Bloomberg Law
Feb. 4, 2021, 10:36 AM

Perkins Coie Lawyer Becomes ‘Jeopardy!’ Champ in Record Run

Elizabeth Olson
Elizabeth Olson
Special Correspondent

Zachary Newkirk’s day job is to fight for voting rights. After hours, he sometimes engages in another kind of combat—of wits—and says things like, “Famous Americans for $1,600.”

Both jobs have gone well.

The 31-year-old Perkins Coie associate won six games on the television game show “Jeopardy!” and has landed a spot in the tournament of champions later this year.

“There is a lot of luck involved,” he said of the winning streak. “No one can be an expert in every subject.”

Newkirk, of Alexandria, Va., began the streak early last year with four wins. His appearances were suspended when Covid-19 curbed travel. After he resumed taping the shows in December, his run had spanned more months than any “Jeopardy!” contestant in history.

He became one of the few to appear with both longtime host Alex Trebek, who died in early November, and his replacement, Ken Jennings, the record-breaking “Jeopardy!” champion who has been hosting the show temporarily.

“Both were personable and engaging,” Newkirk said. “Ken had been a contestant for a long time, so he understood what we were going through, and Alex was more authoritative. He was an awesome TV legend.”

Newkirk won the next two matches after his return, but he lost the seventh game, which aired Feb. 1, after amassing winnings of $124,871. Still, he’ll be among the 15 high-scorers facing each other in the tournament later this year.

Zachary Newkirk
Photo courtesy of Perkins Coie

When he’s not busy on “Jeopardy!,” Newkirk works with partner Marc Elias, head of Perkins Coie’s political law practice and a Democratic election lawyer who has brought lawsuits to loosen voting regulations in states.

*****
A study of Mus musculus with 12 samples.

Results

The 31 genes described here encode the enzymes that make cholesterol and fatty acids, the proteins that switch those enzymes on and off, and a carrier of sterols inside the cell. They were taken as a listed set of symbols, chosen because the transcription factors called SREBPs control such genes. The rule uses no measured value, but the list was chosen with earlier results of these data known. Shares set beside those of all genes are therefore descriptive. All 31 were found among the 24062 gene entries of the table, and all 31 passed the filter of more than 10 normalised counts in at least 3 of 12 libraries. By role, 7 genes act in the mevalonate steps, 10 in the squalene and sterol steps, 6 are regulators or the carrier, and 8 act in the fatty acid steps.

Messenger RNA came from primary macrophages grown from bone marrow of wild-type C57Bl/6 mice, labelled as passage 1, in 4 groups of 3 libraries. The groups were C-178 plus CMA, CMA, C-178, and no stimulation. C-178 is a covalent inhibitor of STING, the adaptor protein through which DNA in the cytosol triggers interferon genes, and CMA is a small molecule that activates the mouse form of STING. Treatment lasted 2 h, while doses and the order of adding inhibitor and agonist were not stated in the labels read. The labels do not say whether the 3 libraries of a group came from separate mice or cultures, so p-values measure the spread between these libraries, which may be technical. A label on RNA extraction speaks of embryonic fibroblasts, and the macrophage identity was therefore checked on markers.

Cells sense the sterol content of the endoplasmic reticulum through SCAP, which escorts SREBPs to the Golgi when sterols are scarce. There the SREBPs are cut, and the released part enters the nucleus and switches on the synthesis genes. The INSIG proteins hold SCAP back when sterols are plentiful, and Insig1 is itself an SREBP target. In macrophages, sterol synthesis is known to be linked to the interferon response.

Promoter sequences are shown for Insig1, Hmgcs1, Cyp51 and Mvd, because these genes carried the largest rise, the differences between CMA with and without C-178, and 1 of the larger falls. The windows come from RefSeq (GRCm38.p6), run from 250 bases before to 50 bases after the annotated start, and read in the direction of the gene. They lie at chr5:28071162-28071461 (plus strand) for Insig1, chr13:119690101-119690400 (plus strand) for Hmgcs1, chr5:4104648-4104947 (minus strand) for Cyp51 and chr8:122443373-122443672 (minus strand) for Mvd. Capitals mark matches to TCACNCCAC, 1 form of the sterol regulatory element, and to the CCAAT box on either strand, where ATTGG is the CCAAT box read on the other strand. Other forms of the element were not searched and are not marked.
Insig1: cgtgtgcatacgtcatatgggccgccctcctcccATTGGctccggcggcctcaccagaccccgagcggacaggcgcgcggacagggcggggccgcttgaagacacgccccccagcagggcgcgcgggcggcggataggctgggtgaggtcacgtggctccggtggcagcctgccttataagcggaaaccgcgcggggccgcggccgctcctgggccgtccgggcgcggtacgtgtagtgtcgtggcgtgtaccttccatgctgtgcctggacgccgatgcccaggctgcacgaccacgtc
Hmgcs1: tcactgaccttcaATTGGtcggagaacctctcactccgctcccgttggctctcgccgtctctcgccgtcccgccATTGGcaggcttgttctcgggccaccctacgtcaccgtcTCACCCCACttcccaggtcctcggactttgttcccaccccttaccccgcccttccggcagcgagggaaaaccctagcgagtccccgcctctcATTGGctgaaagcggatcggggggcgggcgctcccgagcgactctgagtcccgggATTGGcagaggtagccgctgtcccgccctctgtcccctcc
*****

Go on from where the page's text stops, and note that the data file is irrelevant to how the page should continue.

Not long after his first show appearances, Newkirk worked on a dispute over Wisconsin’s deadline for receiving absentee ballots after Election Day.

He’s also been involved in the firm’s friend-of-the-court brief in Black Lives Matter v. Trump, which was filed against the former president and other officials for their treatment of protesters in Lafayette Square in June 2020.

“‘Jeopardy!’ was more calming compared to dealing with high-stakes voting rights issues,” he said.

To become a contestant, Newkirk, a Duke University School of Law graduate, passed an online screening test taken by thousands of people. Then, he was asked to audition. After doing well on the mock game, he was invited to appear on the show in early 2020.

“I decided to do it, because if I won $1,000, that would cover the cost of traveling there,” he said.

Initially, it was rough going, Newkirk recalled.

“In the first game, I was negative $1,200, and all I could think was that I didn’t want to embarrass myself,” he said. “But then the historically black colleges category came up.”

The question? Which university in Nashville has a master’s-to-PhD bridge program with Fisk University. His correct answer? Vanderbilt.

“I’ve been watching the show my whole life,” Newkirk said. “When I was clerking for a federal district judge, those of us in the office would sometimes shout out the answers if ‘Jeopardy!’ was on.”